Sandra Evers-Manly (File photo)



Sandra Evers-Manly, first cousin of civil rights leader Medgar Evers, is from the small California city of Pittsburgh. She was born with a rare disease as a child and watched a lot of television.  

She asked her mother why there were no people on TV who looked like her. Evers-Manly says, her mother, who comes from a prominent civil rights family, said, “Change it.” 

 Inspired by her mother’s directive, Evers-Manly has made a mission of changing situations, institutions and anything that prevents African Americans and other minorities from being fully involved.  Her efforts have led to more diversity in Hollywood and throughout the entertainment industry. 

A picture from the annual BHERC’s Sistas Are Doin It From Themselves Short Film Showcase now in its 30th year. (Courtesy photo)

 The tremendous change she initiated is just one of the reasons that Sandra Evers-Manly will be one of the five honorees at the “Power, Leadership and Influence of the Black Woman” luncheon on Saturday, April 15, at the Beverly Hilton Hotel.  The gala event, sponsored by Bakewell Media, will pay tribute to dynamic women as well as celebrate the 90th anniversary of the L.A. Sentinel. 

 Regarding the accolade, Evers-Manly said, “It’s an honor because I’m really a behind-the-scenes person. I thought I was going to be on the funding side, but then the Bakewell family said, “Nope you’re one of the honorees.”   

Evers-Manly has accomplished a lot for others since first coming to Hollywood during her sophomore year in college. She became very involved in the Beverly Hills/Hollywood NAACP branch in pushing for more diversity in front of and behind the scenes in entertainment. 

 Evers-Manly says that she came from hardworking parents, so she had to work. Her junior year in college ,she got a job at a company which was then called Northrop. She stayed at Northrop for 40 years and just recently retired in June of 2023. 

 Evers-Manly’s undergraduate degree is in Public Administration from the University of Southern California, and her graduate degree is in Executive Management from Wharton Business School. 

Sandra Evers-Manly with student participants from Washington Preparatory High School at the 13th Annual Youth Diversity Film Festival March 4th at the Pacific Design Center. (Courtesy photo)

 While she worked her way up at Northrop Grumman, she was very involved with NAACP. Eventually, many years later, even though it wasn’t on her radar, Evers-Manly became the president of the NAACP Beverly Hills-Hollywood branch for 12 years.  When Evers-Manly left the branch, she started the Black Hollywood Education and Resource Center (BHERC).  

 “In order for us to have full representation, we got to have that diversity and Black representation in front and behind the scenes,” she said.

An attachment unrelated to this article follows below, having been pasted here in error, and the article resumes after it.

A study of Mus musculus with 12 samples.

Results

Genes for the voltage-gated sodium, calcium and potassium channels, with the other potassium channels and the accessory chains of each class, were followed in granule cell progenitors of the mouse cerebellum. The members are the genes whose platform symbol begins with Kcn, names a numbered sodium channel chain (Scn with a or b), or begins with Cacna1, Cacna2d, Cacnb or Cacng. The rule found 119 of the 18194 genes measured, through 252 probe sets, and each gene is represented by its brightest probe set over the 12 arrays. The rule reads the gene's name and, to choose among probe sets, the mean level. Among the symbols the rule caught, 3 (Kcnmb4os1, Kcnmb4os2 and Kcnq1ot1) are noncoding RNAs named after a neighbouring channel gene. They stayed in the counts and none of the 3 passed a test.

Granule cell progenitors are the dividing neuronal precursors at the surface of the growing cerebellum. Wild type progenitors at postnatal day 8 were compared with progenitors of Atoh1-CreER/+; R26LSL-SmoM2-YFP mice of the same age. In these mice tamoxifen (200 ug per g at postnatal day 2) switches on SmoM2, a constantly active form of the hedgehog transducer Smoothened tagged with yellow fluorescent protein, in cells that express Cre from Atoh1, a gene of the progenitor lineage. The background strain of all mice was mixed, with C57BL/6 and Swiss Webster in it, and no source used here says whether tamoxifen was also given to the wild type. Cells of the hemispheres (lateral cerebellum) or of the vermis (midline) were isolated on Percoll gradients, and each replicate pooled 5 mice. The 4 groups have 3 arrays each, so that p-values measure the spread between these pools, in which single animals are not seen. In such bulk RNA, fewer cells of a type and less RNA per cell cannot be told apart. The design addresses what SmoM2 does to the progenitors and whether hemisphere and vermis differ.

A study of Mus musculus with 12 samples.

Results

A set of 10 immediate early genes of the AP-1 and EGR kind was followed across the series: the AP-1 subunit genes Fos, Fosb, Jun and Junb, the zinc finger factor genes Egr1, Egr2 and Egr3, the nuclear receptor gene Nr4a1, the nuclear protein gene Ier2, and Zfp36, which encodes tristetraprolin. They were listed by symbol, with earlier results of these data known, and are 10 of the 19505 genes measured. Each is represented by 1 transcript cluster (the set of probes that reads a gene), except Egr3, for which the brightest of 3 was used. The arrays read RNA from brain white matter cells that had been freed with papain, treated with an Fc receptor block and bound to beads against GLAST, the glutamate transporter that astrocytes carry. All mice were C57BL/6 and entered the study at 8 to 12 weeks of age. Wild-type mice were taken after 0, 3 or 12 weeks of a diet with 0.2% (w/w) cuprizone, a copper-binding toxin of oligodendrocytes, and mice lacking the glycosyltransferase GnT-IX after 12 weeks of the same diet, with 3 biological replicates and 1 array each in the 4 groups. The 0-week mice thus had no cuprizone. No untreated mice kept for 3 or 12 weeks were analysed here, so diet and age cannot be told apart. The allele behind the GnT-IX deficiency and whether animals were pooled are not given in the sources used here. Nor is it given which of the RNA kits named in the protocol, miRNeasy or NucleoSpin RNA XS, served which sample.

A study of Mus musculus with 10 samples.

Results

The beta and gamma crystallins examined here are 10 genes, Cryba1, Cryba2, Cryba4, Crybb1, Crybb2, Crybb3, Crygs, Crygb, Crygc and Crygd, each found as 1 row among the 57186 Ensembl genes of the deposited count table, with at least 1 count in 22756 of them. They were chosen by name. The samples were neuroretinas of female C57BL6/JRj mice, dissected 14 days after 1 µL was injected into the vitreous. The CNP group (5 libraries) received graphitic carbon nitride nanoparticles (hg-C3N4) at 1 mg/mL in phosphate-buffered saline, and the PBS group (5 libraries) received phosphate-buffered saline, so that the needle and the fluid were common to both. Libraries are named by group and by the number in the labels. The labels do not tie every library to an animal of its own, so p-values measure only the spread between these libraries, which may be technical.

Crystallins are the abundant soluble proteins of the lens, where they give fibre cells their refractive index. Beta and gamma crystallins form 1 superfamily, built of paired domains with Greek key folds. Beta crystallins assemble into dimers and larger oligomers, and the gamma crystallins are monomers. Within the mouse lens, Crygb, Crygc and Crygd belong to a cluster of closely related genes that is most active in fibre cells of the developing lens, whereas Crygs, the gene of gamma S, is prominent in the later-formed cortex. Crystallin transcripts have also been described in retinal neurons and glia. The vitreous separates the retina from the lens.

“We need to be in the executive suites of Hollywood, in the producing role, directing role, we have to be a part of the storytellers and the creatives. Then we will see even more robust emergence in front of the camera,” she insisted. 

  “We have to get involved and get young people introduced in the film and television industry, and when we have them in college, we have to be there providing scholarships,” said Evers-Manly. 

 BHERC has been a pipeline for film and television greats like Gina Prince-Bythewood, David Massey (the first Black to be nominated for the Academy Award Best Documentary), Ryan Coogler, and “a host of other filmmakers across the country.”  Also, the organization has provided funds for a broad range of needs including continued education, food, housing, and film financing. 

 “When I look at where some of these individuals are today, I am truly proud of the work that we’re (BHERC) is doing,” said Evers-Manly. 

 Before BHERC, Evers-Manly kicked off the short film showcase, Sistas Are Doin’ It For Themselves. Sistas just celebrated its 30th anniversary as a platform for Black women directors.  

Before a crowd of 4000 October 20, 2022 in Las Vegas Sandra receive the Inaugural Out and Equal Arnie Sorenson Vanguard Award for her leadership and allyship in advancing equality for LGBTQ + people in workplaces globally. (Courtesy photo)

 “We showcase the films and we invite the industry in to view them. And we continue this work until today,” said Evers-Manly 

 “We help the full spectrum of the filmmaker as they’re making their way into an industry that is very challenging for us,” she explained. 

 Evers-Manly simultaneously worked with BHERC while serving in a senior executive position at Northrop Grumman.  

 Now, nine-months into retirement from Northrop, Evers-Manly said, “I am very proud of my corporate career. I started out as an intern in human resources to become the vice president of Global Corporate Responsibility reporting directly to the chairman and CEO.” 

 Evers-Manly says one of the greatest things she has probably ever done was probably the most unexpected. She personally made a $1 million donation to the National African American Museum of History and Culture.  

 “I went to Grumman and asked what they were going to do,” she recalled. “They said they would do a $3 million donation, and while I was there, I saw the beautiful vision for the building. I thought to myself, I can give $25,000. 

  “Something came over me and said, ‘no you can do more than that.’” And although she had planned on retiring seven-years earlier, Evers-Manly concluded, “I went back, worked through my numbers and personally gave $1 million dollars.”  

 She says that she felt she owed it to her mother, Medgar Evers, and all their ancestors.  

 ]As for the future, Evers-Manly said, “I still have lots of work to do in Hollywood and there is plenty here to do!”